Most people recommend storing tanks indoors for the winter. I think the reason they gave was that extreme temp changes, especially cold, can cause moisture to build, but...
What about storing them in a cold garage just for a few months, while still being used? It's already getting pretty cold here in NJ, at least in the morning and at night, but it will be the same temp at the dive site, and the season ain't over yet!
I own numerous steel tanks and store them in an unheated shed. I have never had a problem with extremes in temps causing condensation (and it can get to 30 below here).
The air used in scuba tanks is very dry and condensation is just not a problem with dry air. If the air in your tanks is moist enough for condensation to be an issue, you are going to have problems anyway even if the tanks are stored indoors.
I also normally store them with the 500 or so psi remaining from the last dive except for a few that are kept full for the occasional ice dive over the winter. I suppose that less air in the tank would also mean less mosisture and less potential for condensation as well.
I agreee w/DA Aquamaster. Have had tanks for 25 years and usually stored in cold garage during the winter. Always leave air in the tanks, assuming the air was of good quality you should never have a problem.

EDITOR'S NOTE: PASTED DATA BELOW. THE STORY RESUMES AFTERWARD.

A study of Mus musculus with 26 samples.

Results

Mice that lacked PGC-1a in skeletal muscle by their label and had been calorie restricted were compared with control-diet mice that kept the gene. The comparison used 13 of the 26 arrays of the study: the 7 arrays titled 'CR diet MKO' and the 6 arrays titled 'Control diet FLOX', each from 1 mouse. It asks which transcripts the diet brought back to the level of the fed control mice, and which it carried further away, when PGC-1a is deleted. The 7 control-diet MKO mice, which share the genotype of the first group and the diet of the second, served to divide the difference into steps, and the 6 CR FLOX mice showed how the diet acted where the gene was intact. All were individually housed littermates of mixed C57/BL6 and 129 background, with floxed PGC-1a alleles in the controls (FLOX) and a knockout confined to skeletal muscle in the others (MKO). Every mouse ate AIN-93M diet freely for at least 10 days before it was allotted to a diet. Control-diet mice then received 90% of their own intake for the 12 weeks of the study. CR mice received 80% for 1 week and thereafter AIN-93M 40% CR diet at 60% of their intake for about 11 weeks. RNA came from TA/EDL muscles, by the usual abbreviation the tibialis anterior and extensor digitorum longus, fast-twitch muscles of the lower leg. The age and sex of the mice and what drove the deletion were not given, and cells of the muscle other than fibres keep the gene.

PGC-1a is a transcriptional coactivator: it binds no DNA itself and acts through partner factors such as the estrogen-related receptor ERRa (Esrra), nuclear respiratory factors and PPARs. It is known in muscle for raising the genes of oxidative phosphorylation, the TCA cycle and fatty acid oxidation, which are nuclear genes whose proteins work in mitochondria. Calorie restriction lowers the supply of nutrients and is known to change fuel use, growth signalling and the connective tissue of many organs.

The air inside the average scuba tank is not moisture free. However, tanks are dryer than they used to be thanks to filtration; dessicant chemicals like Vaporshell and a few simple changes to compressor design including the backpressure valve and micronic filter have made a difference. Generally, these systems will reduce the relative humidity inside the condenser to something less than 100% at 2000 psi, a typical valve setting. They accomplish this trick by agitating or accelerating the air, decelerating it and exposing the moisture laden gas to huge surface areas posed by the micronic filter. The air is then pushed through a dessicant chemical which has a very high moisture absorption coefficient. The resulting air has a dewpoint of about -40F at atmospheric pressure. Inside the tank, at high pressure, this dewpoint will be higher but not enough to cause condensation at room temp. The actual amount of water in a full tank is about two drops. This is in gaseous form of course. A hyperfilter will drop the dewpoint to -60F and one drop of water, dry indeed when one considers the huge amount of air in a pressurized tank. A tank with reduced pressure should produce no neat water or frost at low ambient temps. A full tank might see a tiny amount of frost at extremely low temps. It would take many years to produce enough rust to cause concern.